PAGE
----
The list of classes in WVU’s Africana studies department is diverse, but its staff is not as it currently has zero Black professors.
“You’ve got to think where we are; it is a PWI (predominantly white institution), but you would want at least a couple of African American professors, especially in that department,” said Tracey Picou, a senior multidisciplinary studies student and a student diversity ambassador for the Division of Diversity, Equity and Inclusion.
While a professor’s expertise is important, Picou says having Black professors could add a dimension that pure expertise lacks.
“Granted, the other non-African American professors have studied it and gone to school for it, but you would want to see an actual African American professor teaching the history,” Picou said. “It would just be beneficial because you’d have multiple perspectives. Eventually, some biases start to play into it when it’s from other perspectives.”
Additionally, Picou said there was a level of personal connection that could be achieved when Black professors teach Black topics.
“I think it’ll also help them to see different points of view, especially if you’ve got an African American professor teaching it,” she said. “[Students] will be able to see how the professor really feels as well.”
Picou said hiring a more diverse staff for the program would not just help the students they are teaching, but the University as a whole.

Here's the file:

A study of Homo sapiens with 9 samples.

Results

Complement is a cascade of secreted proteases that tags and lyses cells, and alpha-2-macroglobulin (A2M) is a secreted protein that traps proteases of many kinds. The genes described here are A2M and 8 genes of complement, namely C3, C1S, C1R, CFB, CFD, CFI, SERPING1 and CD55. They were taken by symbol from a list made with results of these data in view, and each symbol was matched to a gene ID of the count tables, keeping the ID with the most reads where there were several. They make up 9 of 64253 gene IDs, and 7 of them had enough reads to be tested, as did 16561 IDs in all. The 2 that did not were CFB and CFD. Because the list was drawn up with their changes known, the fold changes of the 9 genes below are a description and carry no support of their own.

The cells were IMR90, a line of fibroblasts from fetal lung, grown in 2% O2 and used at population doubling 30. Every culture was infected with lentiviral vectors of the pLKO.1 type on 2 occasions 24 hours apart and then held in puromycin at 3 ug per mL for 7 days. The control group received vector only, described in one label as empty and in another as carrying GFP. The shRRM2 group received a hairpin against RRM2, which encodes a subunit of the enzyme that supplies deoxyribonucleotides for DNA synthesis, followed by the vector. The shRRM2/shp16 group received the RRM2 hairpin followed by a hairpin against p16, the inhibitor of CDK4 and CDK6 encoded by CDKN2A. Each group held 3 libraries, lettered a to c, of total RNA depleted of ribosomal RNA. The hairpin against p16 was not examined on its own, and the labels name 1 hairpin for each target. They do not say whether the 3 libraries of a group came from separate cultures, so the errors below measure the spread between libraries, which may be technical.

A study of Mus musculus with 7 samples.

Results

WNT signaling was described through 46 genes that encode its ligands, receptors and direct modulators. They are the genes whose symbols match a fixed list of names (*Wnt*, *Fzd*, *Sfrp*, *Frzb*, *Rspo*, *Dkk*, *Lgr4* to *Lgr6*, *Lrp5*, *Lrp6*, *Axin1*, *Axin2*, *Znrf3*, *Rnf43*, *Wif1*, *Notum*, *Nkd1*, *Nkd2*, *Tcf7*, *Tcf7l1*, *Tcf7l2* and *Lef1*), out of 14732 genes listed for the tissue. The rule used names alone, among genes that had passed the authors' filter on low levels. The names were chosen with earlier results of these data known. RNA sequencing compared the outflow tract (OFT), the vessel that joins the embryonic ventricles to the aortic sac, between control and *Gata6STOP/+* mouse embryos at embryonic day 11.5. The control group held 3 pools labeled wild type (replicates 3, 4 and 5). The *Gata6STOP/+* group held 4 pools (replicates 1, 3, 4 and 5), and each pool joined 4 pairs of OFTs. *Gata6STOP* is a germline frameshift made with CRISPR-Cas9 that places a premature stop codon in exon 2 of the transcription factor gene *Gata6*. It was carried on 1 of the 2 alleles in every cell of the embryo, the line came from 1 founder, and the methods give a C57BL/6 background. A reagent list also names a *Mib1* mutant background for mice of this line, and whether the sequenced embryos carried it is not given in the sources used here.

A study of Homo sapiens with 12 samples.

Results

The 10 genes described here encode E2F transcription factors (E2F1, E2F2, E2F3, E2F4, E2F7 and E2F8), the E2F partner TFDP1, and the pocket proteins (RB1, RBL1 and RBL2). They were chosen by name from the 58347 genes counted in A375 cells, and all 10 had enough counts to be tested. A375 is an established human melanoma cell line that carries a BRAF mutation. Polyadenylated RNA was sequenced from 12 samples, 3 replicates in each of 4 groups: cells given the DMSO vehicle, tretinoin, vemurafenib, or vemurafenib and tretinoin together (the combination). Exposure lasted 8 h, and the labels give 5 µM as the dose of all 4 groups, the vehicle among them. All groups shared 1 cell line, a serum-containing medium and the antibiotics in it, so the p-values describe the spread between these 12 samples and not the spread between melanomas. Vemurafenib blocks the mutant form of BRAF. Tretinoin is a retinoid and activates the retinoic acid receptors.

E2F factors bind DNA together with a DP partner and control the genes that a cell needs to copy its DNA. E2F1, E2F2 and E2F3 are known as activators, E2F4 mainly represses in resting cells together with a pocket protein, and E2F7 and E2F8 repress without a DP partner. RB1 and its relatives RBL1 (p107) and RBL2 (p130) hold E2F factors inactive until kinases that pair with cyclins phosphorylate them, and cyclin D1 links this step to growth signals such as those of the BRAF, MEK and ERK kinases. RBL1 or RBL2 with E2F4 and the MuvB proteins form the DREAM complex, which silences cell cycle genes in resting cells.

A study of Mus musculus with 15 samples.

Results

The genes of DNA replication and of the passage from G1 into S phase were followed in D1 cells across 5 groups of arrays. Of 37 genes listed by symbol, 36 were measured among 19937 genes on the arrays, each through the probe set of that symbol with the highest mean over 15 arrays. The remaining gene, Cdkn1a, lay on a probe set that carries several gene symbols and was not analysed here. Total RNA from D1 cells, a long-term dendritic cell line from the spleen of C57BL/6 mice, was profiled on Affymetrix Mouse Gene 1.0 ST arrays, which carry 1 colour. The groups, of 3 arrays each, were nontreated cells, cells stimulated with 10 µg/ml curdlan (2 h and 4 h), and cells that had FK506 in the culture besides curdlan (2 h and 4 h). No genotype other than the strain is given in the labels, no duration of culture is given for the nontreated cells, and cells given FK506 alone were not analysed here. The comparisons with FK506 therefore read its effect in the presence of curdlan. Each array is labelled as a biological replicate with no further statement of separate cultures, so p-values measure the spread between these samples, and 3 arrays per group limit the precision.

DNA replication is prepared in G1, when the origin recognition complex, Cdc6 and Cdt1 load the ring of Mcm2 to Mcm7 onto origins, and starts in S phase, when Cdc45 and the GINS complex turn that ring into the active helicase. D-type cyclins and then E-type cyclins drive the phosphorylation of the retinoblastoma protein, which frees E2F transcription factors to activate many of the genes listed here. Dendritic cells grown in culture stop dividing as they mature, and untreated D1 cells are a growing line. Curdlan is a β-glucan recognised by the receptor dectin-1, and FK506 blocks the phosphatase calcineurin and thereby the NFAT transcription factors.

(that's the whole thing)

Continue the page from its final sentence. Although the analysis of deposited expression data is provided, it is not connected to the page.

“I do think it would be beneficial for the University; it wouldn’t give them a negative look if they had found and [taken on] African American professors in that department,” Picou said.
So, why the absence of Black professors? Picou suggested that it might be a combination of hiring failures and pure accidents.
“It could be accidental because maybe all white professors applied for that position,” Picou said. “And maybe it could be an institutional thing; maybe they used to have [more diverse] professors and everyone left. I do know a lot of people tend to come and go at WVU, especially professors and advisors.”
Despite the lack of diversity in this department, Picou said she was pleased with the University’s efforts to increase diversity.
“Each year, we try to do the best we can to make the University more diverse and more inclusive, and with the pandemic happening, we really couldn’t do as much,” Picou said. “But I do know the Division of Diversity, Equity and Inclusion did their best. I would say we’re definitely growing in the diversity and inclusion area.”